Articles on political and social issues in Cameroon, Africa and the world as seen by Njei Moses Timah > Learning From a Mental Patient


17 Nov 2008

 


 

Our quest for material satisfaction ridiculed

In Cameroon like in most of Africa, some psychiatric patients usually roam the streets either naked or in rags. They lead the most rudimentary existence. They sleep on the bare floor by the street corner or on the corridors of abandoned structures. They are subjected to oscillating weather conditions. These people are visited by all types of parasites and disease seeding bugs. They mostly feed from the dustbins. Considering the relatively harsh economic conditions prevailing in most African countries, you can guess that nothing quite valuable makes its way into those dustbins.

A few days ago, as I was coming out of a popular bakery in Douala with some loaves of bread that I just bought for my children a young man in his thirties stretched his hand begging from me. I immediately thought that he was routinely begging for money-which is a common practice in big towns. I also noticed that he was unkempt and wearing torn clothes. I rightly guessed that he had a mental problem.

As I moved closer to him, I inquired whether he needed money or the bread I was carrying. He pointed to the shopping bag containing the bread. I opened the bag, took out a loaf of bread and gave him. He happily grabbed it and started moving away. A short distance down the road, a normal man teased him by begging for the bread I just gave him. Surprisingly, without any hesitation, the mental patient stopped and broke the bread into two to share with the man. The guy told him “no thanks”.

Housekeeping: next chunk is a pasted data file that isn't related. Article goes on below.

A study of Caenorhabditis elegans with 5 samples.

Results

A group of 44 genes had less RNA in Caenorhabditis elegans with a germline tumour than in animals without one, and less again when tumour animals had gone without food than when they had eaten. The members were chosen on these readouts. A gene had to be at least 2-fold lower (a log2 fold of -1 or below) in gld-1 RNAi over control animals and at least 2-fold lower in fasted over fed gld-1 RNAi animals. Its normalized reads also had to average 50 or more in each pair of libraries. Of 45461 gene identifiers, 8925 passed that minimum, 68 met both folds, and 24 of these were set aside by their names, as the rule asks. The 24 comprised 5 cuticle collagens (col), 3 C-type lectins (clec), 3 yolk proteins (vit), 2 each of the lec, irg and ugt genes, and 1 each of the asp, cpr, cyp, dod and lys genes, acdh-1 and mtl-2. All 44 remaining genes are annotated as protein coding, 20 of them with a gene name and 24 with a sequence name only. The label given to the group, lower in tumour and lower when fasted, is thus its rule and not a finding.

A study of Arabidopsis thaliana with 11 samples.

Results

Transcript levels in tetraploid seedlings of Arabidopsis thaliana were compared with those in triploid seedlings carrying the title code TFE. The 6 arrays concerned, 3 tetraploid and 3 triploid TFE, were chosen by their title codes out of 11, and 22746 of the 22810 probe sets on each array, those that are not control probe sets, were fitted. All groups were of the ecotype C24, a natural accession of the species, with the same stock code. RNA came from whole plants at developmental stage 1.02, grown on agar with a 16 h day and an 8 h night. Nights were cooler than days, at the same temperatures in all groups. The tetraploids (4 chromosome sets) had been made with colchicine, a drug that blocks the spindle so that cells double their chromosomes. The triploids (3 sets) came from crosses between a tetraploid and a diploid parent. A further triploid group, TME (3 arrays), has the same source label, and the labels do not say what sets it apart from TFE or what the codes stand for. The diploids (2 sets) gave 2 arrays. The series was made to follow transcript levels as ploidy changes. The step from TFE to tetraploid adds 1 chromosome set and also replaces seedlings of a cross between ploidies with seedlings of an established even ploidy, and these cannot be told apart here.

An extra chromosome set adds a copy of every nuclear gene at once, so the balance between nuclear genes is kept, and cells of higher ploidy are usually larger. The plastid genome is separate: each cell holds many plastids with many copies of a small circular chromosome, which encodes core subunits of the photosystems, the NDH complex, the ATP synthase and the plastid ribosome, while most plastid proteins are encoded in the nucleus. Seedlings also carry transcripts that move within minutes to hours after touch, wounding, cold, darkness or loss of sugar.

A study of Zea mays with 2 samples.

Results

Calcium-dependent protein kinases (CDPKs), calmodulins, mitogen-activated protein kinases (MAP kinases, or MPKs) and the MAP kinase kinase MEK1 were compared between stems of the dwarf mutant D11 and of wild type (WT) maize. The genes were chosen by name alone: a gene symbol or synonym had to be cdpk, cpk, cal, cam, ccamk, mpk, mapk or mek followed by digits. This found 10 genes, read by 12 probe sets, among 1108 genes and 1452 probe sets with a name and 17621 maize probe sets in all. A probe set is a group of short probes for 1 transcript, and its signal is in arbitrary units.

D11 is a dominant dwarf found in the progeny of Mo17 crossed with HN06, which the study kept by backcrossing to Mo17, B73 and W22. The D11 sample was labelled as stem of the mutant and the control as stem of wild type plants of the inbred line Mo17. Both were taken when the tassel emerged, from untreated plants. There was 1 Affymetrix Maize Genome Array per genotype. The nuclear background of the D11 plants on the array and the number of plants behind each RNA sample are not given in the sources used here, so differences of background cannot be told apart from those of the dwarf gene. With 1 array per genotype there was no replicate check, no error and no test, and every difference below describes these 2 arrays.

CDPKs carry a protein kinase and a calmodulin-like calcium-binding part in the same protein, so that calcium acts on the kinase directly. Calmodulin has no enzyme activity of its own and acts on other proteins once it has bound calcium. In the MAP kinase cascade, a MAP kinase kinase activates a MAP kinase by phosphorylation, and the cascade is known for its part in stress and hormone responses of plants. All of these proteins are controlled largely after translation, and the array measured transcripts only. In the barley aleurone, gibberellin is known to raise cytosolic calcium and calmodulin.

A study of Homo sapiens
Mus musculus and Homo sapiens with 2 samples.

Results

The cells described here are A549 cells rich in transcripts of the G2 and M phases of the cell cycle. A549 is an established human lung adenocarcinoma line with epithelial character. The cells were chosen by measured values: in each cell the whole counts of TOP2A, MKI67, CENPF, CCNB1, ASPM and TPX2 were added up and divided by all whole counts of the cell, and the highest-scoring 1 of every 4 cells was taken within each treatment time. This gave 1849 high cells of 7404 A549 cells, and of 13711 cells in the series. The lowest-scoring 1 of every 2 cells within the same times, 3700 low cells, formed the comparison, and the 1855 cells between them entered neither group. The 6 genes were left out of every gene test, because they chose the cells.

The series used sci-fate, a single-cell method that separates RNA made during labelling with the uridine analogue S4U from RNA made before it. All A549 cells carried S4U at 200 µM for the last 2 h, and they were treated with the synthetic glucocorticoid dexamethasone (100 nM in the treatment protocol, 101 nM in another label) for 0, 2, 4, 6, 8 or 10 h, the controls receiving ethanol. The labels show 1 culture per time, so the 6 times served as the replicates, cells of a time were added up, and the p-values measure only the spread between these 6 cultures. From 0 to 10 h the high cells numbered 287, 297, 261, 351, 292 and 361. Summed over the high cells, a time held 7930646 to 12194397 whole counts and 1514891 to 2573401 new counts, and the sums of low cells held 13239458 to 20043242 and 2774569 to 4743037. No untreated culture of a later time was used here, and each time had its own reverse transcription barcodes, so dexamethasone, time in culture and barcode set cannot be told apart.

As I was driving home, I reflected on the behavior of this unfortunate sick man, especially his willingness to share his loaf of bread with another person. Here is someone who rarely comes across a fresh and clean loaf of bread. At the time I gave him the bread, he was obviously very hungry. Apart from the rags on his back and some worthless items he was carrying in a filthy cloth, this man obviously did not have any other material possessions. Regardless, he was ready to share what was obviously his most precious thing at that moment-the loaf of bread.

I also reflected on my own reaction when the man first approached me. In hindsight, I can conclude that in that particular incident, the mental patient was more socially sophisticated than me. I can remember that my initial reaction when he stretched his hand begging was to be a little bit hesitant. My initial ‘greedy feeling’ was that he was about to reduce the bread ration of my children. That is the typical reflection of majority of us. We are always thinking that we never have enough until we are reminded by someone like this mental patient that we actually have in excess. Try as we can, it seems that one of the most difficult things for us to do is to count our blessings. Materialism has apparently hijacked our sense of judgment and we have become hopelessly inefficient in defining the limits of our genuine needs.

I was in a position to buy hundreds of loaves of bread, yet I was surrendering one loaf to a needy person with hesitation. It was his willingness to share what he could not afford that reminded me that I have more than I really need.